A Southern road trip and border crossing


Journeys figure big in the books reviewed for this column. Rough-sawn characters go on a wild ride through the Deep South in the first while in the second, a Mexican boy and his family make their way in the United States.

The Substance of Things Hoped For

Billy McLemore is a guitar player who is a farmhand by day. His drummer is on the outs with his wife. Then there’s his long-lost Uncle Bobby, who now calls himself Erastus and has that old-time religion thing going.

And, oh, Billy has a thing about snakes. He can’t stand them. Unfortunately, his uncle also has a thing about snakes. He likes handling them.

Author R.E.C. “Chipper” Thompson sends the trio on a road trip from Mississippi to the hollers of Appalachia, where his uncle hopes to reconnect with an old flame.

The three encounter interesting folks along the way and at their final destination. Snakes figure there as well among those who incorporate touching the reptiles and drinking strychnine as a show of faith.

Thompson, a Taos musician and artist, was born and raised in Alabama, so he writes with authority about the rural South in this debut novel. While he admits he didn’t attend a snake-handling service, he did do extensive research.

He also assembled an interesting cast of characters who tend to be long-winded, loud and a bit scratchy.

For instance, Billy finds his uncle using a motel iron to cook hot dogs he found in a Dumpster near the Jiffy Mart. “It works pretty good if the iron’s heavy an’ll go hot enough,” his uncle says.

I will admit it took some to grasp Thompson’s style of writing because he tends to throw a lot at the reader. But as I got into the novel, I enjoyed his descriptions and tales of the South.

Here’s one early on: “Billy McLemore has the weird, conflicted, lean, stretchy build of a chronically-undernourished, over-exercised hunter-gatherer, combined with the barest beginnings of a potbelly from too much batter-dipped, deep-fried food and beer. Golden-brown food. He wears tight jeans over pointy cowboy boots and a blue shirt, tucked in today, with a patch over the left pocket that says ‘Billy.’ It seems redundant, as every fiber of him screams Billyness.”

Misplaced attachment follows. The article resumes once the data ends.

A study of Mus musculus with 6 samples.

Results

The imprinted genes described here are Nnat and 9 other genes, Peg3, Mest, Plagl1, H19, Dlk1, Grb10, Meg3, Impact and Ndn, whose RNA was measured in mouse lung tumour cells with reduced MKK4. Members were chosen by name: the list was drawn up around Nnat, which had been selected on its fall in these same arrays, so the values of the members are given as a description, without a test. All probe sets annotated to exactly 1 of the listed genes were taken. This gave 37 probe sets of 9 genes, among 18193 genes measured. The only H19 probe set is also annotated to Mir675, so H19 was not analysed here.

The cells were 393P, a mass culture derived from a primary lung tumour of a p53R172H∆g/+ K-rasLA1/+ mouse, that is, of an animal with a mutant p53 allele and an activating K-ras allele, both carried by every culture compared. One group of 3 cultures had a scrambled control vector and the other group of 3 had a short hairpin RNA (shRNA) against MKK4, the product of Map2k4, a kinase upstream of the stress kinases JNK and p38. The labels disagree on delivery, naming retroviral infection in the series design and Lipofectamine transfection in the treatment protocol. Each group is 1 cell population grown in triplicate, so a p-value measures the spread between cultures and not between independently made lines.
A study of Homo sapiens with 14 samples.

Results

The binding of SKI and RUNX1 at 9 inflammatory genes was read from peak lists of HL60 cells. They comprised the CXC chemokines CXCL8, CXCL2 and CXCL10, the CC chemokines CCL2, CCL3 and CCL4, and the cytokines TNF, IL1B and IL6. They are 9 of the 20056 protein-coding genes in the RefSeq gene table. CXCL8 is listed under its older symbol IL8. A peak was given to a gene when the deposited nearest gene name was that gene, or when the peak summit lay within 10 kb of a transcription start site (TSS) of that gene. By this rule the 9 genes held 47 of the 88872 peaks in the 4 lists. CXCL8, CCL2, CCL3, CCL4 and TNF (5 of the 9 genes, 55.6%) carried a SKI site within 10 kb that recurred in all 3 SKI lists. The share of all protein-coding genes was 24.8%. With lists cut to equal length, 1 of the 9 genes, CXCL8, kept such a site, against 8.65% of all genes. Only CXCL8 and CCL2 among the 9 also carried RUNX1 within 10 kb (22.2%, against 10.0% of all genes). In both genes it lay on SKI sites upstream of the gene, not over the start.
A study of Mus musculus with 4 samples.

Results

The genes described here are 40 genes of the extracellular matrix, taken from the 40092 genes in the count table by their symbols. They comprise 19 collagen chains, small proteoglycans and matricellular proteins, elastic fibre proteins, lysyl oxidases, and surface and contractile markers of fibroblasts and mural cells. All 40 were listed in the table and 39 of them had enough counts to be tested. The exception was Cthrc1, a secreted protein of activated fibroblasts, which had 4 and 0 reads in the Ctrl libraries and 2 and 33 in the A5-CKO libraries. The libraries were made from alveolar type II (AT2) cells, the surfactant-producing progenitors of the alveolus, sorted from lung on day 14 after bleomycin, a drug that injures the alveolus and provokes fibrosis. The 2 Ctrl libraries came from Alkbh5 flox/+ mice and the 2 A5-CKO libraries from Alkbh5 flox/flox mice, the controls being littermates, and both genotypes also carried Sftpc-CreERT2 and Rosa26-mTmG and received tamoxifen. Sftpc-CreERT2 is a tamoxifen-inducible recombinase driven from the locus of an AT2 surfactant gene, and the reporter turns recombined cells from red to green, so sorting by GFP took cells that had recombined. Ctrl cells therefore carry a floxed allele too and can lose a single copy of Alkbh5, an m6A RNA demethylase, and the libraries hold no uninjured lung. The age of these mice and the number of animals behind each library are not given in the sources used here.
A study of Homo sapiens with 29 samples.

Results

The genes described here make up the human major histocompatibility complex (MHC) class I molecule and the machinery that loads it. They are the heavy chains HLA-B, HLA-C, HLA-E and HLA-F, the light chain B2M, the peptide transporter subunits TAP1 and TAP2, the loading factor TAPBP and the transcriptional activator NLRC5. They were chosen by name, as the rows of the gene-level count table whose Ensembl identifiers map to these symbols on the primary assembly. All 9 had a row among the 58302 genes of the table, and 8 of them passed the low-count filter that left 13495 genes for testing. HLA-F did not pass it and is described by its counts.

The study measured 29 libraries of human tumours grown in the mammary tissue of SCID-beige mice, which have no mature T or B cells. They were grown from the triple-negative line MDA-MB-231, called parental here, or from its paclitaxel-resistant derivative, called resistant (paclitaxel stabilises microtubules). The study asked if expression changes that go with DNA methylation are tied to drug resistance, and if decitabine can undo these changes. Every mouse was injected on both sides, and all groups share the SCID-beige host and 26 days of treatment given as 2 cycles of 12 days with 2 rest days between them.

Billyness, indeed.

“The Substance of Things Hoped For” is a 277-page paperback costing $14.95.

Miguel Lost & Found: Journey to Santa Fe

Miguel Rivera is 5 when he rides his father’s (Crístobal) shoulders as they cross the Río Grande. His mother, Rosa, is pregnant with twins.

The Riveras make this dangerous crossing, naturally, in hopes of a better life.

Meanwhile, Sgt. Richard Cortés, a member of the INS Border Patrol, holds the record in his area for discovering illegal immigrants. He came to the U.S. illegally long ago, but that doesn’t soften his view about those attempting to do the same. It’s a secret even to his wife and son, Joey Jeter Cortés, who show open disdain for so-called wetbacks.

Of course, their paths intersect.

Author Barbara Beasley Murphy, who has written numerous books, gives middle-grade readers the opportunity to learn more about the plight of Mexican migrants.

As to be expected, life in the U.S. is not easy for the Riveras, financially and socially. (From a clue — the 2001 World Series — I date the family’s crossing at about 1997.)

Miguel encounters racism at school, including from Sgt. Cortés’ son and his unlikable wife, who is a substitute teacher. He feels very much alone, except for a few kindhearted souls.

In one scene, Miguel gives himself a pep talk while looking in the mirror. “I don’t have new clothes, face-in-the-mirror. See? I don’t look good to kids. So they hit me. I need a baseball cap. To be cool. Like the other kids. Not so poor. Joey Jeter has a baseball cap for every team in the U.S.”

After Crístobal disappears, Rosa supports her children by sewing as she moves them northward toward Santa Fe. Even in the City Different, Miguel encounters racism — and Joey Jeter, whose family has moved there. But he also learns about his heritage during visits to the Palace of the Governors.

Murphy does wrap things up a little too neatly at the end. A play on racial intolerance is held at Miguel’s new school. His father returns and suddenly Miguel’s biggest hater is nice. (I’m not going to spoil the plot.) But that might work well for young readers.

Terra Firma Books re-released “Miguel Lost & Found: Journey to Santa Fe,” which won the New Mexico Press Women’s Zia Award for Children’s Literature.

The 158-page paperback costs $14.95.

Livingston is a writer and reader living in Ranchos de Taos. For more, visit joanlivingston.net.